Pelham Smithers blames China freeze and decreasing interest in Fortnite

A notable analyst has predicted the video games industry will see its revenues decline in 2019 -- something that hasn't happened in almost 25 years.

Speaking to Bloomberg, Pelham Smithers -- owner of London-based research firm Pelham Smithers Associates -- expects sales will dip by 1% to $136.5 billion this year. While that may seem a minuscule decline, it will mark the first time the video games industry has not grown year-on-year since 1995.

Smithers attributes this expected drop to various factors, including the ongoing aftereffects of China's nine-month freeze on new game approvals and growing fatigue among Fortnite fans.

Stricter regulations on approvals and monetisation in the world's largest games market significantly impacted some of the world's biggest companies, including Tencent and NetEase. And while approvals have now resumed, the pace is slow and both firms have been excluded from this process thus far.

This has contributed to declines in mobile games revenue, according to Smithers, predicting this sector -- accounting for almost half the industry's total revenues -- will drop by 10% this year. He adds that the US and Japanese mobile markets are plateauing, limiting their ability to counter the Chinese decline.

Meanwhile, the worldwide phenomenon that is Fortnite -- plus PlayerUnknown's Battlegrounds and similar titles -- have seen the number of active users decline year-on-year as some players grow tired of the format. Smithers expects this to trigger a slump in PC gaming revenues.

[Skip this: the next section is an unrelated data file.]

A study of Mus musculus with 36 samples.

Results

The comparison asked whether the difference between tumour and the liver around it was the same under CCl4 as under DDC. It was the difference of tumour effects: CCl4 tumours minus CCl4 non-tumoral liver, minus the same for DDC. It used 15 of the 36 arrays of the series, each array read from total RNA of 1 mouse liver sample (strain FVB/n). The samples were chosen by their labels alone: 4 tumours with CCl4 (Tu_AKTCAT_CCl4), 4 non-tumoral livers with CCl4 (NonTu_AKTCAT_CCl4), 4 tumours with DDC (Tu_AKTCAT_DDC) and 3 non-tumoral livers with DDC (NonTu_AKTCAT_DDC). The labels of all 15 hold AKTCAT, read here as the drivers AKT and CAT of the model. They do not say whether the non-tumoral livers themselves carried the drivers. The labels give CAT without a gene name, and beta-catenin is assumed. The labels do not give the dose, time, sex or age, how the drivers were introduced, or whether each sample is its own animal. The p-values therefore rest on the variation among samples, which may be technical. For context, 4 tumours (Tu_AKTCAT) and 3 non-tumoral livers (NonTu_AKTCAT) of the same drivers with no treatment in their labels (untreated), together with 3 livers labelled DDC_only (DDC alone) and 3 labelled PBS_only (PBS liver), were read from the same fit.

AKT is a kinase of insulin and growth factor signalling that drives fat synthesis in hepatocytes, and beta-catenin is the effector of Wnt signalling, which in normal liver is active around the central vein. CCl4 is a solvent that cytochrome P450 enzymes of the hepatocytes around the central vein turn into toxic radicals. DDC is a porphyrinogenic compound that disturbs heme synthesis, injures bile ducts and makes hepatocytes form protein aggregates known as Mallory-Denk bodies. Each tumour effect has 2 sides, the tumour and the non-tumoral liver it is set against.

Finally, Smithers posits that the console sector will be unable to improve on the record year it enjoyed in 2018. Last year saw the release of major blockbusters like Red Dead Redemption 2, Marvel's Spider-Man and God of War -- but it's currently unclear whether anything in the 2019 line-up can achieve the same success.

Factor in the current console generation nearing the end of its lifecycle, and growth opportunities are limited -- with Smithers observing that if the PlayStation 5 doesn't launch until the end of 2020, the console sector will suffer its absence until 2021.

The analyst warns that this decline could continue into 2020, and cites sharp declines in the stock of leading firms such as Tencent and Electronic Arts as evidence in favour of his prediction.

Newzoo has also revised its 2019 revenue forecasts, dropping it by 2% due to weaknesses in the mobile games market. Meanwhile, IDC said the growth of China's games market slowed to 5% last year -- it has been expanding at a rate of around 20% per year since 2014.

"The various bits of the jigsaw puzzle just don't add up, so we're looking for the market to shrink in 2019," Smithers said. "The sell-off in video game stocks is primarily down to a growing realisation of the risk that this view is right."

Bloomberg reports that rival analysts disagree, with Goldman Sachs, Nomura Holdings and Morgan Stanley maintaining the video games is a growth industry.